So I had my first proper blog post all lined up in my head. But given the fact that I had an extra special Friday night, I’ve decided to postpone that for now and write about something else instead. I was lucky enough on Friday evening to go to the O2 Arena in London to watch Jamiroquai in concert. Jay Kay really is an amazing performer – he was fantastic live! If you’ve never seen him play and you get the chance, go! My friend also got backstage tickets which was pretty great and whilst we didn’t bump into the man himself, we did get the red carpet treatment, so was well worth it.
So what’s the relevance of all this you ask? Well, apart from wanting to tell you all about my great night (!) I have a learning related anecdote to impart on the back of this fabulous evening.
We travelled to the O2 down the Thames on the Clipper boat. Once we had boarded and made ourselves comfortable, the captain’s voice came over the tannoy to tell us all about the obligatory safety notices. However, rather than reel off a list of boring dos and don’ts, this chap turned what should have been a fairly dull 5 minutes into a bit of a comedy routine. Clearly he has to do it several times a day so has decided he might as well make it entertaining. But crucially, everyone on board that boat was paying attention when he told us that with the boat travelling at 65mph, we really didn’t want to accidentally fall overboard and be left ‘cold and alone’ in the Thames. So despite people’s giddy excitement before the concert, many of them sipping champagne (myself included!) the captain was able to get his message across, loud and clear.
And that was because everyone there was engaged with the captain. He made the effort to talk to his audience in a way they appreciated and on a level they all understood. I made the observation to the friend I was with (who works as a project manager for a large telecommunications company) what a difference it makes when people are engaged, rather than being forced to listen to a list of boring announcements made without interest or passion. She then proceeded to tell me about how she ‘had’ to do ‘a load of e-learning’ this week ‘just to keep her boss happy’. This obviously sparked my interest and I asked her what the e-learning topic was. Knowing the industry I work in, she duly rolled her eyes and said it was about negotiating skills, but that ‘to be honest’ she finds the e-learning boring and just skips through the screens and tries to answer the quiz at the end ‘as best she can’ in order to pass the module and ‘get on with her work’.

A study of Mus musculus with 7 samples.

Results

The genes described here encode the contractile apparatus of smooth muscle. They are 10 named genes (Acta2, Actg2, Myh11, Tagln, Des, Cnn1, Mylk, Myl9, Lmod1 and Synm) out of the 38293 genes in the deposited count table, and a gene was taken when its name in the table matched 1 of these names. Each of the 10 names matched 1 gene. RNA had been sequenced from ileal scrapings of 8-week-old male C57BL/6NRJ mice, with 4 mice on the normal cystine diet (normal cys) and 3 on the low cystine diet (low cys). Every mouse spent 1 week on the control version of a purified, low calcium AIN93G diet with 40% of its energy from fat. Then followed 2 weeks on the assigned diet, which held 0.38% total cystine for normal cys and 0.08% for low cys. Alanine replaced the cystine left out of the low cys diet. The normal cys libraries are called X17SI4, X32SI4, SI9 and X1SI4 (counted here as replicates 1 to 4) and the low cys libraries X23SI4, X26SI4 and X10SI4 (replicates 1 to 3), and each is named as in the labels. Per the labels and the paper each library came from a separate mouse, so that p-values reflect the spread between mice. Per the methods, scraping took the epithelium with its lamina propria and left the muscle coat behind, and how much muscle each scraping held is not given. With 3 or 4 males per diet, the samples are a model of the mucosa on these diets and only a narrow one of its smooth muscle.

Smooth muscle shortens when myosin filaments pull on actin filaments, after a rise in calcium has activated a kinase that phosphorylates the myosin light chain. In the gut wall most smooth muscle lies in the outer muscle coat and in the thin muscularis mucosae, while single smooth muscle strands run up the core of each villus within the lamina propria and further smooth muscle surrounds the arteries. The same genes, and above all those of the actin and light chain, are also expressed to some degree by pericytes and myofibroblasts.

Dear reader, it’s this that prompted me to change the content of my first proper blog post. Someone, somewhere in my friend’s organisation has hopefully tried and tested this e-learning. It’s an off-the-shelf module as opposed to a bespoke piece of content but no matter, it’s still content they felt comfortable sharing with their employees. This someone felt the e-learning would be appropriate, relevant and useful to her as part of her on-going development in her role as a project manager. Also, someone, somewhere created that e-learning thinking it would help people’s skills and to grow and prosper in their career. So why isn’t it working?
As my day-to-day role is that of a marketer, I feel incredibly strongly about the levels of communication between an organisation and its learners. I believe that the success or failure of many learning interventions depends on the engagement of the learner and whole heartedly agree with Lars Hyland’s ‘Campaign vs Course’ philosophy. With a little bit of thought, care and yes, marketing, any training or e-learning course can be more of a success as long as it is targeted, timely, relevant and useful. If my friend’s manager had perhaps encouraged her a little more and explained the benefits of the course to her, or positioned the e-learning as something helpful as opposed to something mandatory, she might have actually taken her time and absorbed the learning and maybe even (shock, horror) enjoyed it! Just in the same way as the entertaining captain of the Clipper boat managed to hold everyone’s attention and made sure they learned how to behave on board, despite the noise, champagne and general merriment.
e-Learning seems to continue to suffer from a less-than-stellar reputation and stories like this one from my friend are sadly not uncommon. But the L&D professionals I am privileged to know, work really hard to try and engage their learners – so why the disconnect? This is a theme I am very much hoping to explore in this blog. And it’s why I have chosen it as my first proper post. I don’t have all the answers but I’m looking forward to trying to find them out and would welcome any thoughts and comments you might have to offer on this subject.